Octopus nutrition facts probably aren’t at the top of your mind. This eight-tentacled sea creature may not be a staple in your diet, but maybe it should be. Grilled octopus can be a tasty dish if you know what you’re doing. It can also become quite rubbery if cooked incorrectly, so check out the recipe for grill octopus at the end of this article. Here’s a look at octopus nutrition facts and see why you need to try this dish.
If you’re looking to feed your muscles then octopus is the food for you. A 100g serving has 30g of good protein. This protein will not only feed your muscles, but it will also help fill you and sedate your hunger. You’re also getting good levels of niacin, vitamin B6, phosphorus, potassium, and zinc. On top of this, you’re getting excellent levels of iron, copper, and selenium.
Octopus is also one of the best sources of vitamin B12. 40% of the population is deficient in this important vitamin, so adding octopus to your diet is a great choice. One serving contains 600% of your daily value.
Some signs of vitamin B12 deficiency are:
- Fatigue or low energy levels
- Lack of focus, or poor memory
- Poor cellular function
- If you’ve been diagnosed with an auto-immune disease like fibromyalgia, or chronic fatigue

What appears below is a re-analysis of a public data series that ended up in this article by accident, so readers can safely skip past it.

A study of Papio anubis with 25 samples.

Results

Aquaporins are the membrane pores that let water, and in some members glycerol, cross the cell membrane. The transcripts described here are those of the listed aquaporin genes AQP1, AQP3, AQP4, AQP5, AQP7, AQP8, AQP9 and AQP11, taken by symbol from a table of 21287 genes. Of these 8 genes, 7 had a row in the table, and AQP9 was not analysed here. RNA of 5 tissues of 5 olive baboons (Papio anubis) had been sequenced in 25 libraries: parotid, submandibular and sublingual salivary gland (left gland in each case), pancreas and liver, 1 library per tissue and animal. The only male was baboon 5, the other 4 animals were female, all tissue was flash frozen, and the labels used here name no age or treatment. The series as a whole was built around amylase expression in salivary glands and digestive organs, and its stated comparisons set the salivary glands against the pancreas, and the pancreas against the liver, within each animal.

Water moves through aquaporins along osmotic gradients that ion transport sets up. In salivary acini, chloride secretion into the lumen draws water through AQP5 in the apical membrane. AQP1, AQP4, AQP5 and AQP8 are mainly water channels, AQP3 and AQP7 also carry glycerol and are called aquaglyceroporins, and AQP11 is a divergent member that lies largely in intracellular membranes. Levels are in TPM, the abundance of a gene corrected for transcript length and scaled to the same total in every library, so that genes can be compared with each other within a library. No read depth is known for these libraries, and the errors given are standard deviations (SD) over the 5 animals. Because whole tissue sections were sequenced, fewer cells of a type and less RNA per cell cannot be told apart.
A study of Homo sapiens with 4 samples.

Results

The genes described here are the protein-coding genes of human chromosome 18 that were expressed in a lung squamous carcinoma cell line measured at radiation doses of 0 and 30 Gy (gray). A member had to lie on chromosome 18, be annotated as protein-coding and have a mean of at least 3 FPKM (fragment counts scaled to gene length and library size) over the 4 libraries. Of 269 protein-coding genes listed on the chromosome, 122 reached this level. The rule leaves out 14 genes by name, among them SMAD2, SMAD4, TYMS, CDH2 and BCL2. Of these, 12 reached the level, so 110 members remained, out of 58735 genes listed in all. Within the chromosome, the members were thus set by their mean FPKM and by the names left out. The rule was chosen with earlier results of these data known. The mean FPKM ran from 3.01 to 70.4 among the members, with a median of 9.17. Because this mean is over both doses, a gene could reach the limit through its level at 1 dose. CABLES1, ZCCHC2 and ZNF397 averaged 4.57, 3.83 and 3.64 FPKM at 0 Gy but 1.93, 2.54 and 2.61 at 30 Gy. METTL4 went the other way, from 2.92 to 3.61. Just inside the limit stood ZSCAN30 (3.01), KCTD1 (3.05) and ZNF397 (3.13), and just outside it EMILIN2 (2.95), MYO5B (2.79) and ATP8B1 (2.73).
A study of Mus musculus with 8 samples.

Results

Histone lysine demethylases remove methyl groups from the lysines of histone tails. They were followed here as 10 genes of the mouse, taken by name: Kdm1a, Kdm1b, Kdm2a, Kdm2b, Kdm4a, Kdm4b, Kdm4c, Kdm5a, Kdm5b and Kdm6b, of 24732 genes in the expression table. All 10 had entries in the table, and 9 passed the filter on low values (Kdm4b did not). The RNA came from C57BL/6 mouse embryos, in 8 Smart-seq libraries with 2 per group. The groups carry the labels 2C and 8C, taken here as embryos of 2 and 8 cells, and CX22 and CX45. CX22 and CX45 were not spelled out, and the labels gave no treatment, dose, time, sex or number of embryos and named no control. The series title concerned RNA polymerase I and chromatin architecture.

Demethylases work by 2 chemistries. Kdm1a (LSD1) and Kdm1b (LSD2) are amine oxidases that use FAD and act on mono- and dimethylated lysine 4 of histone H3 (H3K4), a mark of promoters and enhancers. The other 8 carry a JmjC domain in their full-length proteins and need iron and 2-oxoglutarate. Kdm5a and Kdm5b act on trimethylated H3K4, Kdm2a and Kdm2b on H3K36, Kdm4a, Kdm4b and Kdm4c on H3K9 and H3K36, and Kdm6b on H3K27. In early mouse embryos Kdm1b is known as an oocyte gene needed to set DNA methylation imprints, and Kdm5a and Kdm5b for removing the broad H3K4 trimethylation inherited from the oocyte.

- Anemia, or if you’re light-headed when you stand up
- If you have a thyroid condition or adrenal gland issue
- If you get emotionally stressed out or frazzled easily
The benefits of proper B12 levels are:
- It improves red blood cell formation, which is important for energy and heart health.
- It’s an important part of cellular function, which keeps your body functioning.
- It supports the brain and nervous system.
- B12 deficiency has been linked to anxiety and depression.
It’s great to get this vitamin from octopus because it has much safer levels of copper than liver (another bountiful source of B12). Overall this is a nutrient-rich seafood that will help promote muscle growth, energy levels, and your brain.
Here at good whole food, we’re all about buying fresh local food whenever you can, but that isn’t always easy for octopus. You can occasionally find some fresh octopus at your local fish market, but you can normally get frozen octopi at your local supermarket.
Go ahead and try something new. Add octopi to your diet and see how this good whole food can help you thrive!
Check out this tasty recipe by Mark’s Daily Apple.
- 2 pounds baby octopus
- 1/2 cup olive oil
- Juice of 1 large lemon
- 3 garlic cloves, finely chopped
- 10 sprigs of fresh thyme
- 1/2 teaspoon salt
- 1 teaspoon black pepper
- 1 teaspoon chopped fresh rosemary
- 1 tablespoon plus 1 teaspoon lemon juice
- 3 tablespoons olive oil
- 1/2 teaspoon lemon zest
For the cooking instructions check out by Mark’s Daily Apple.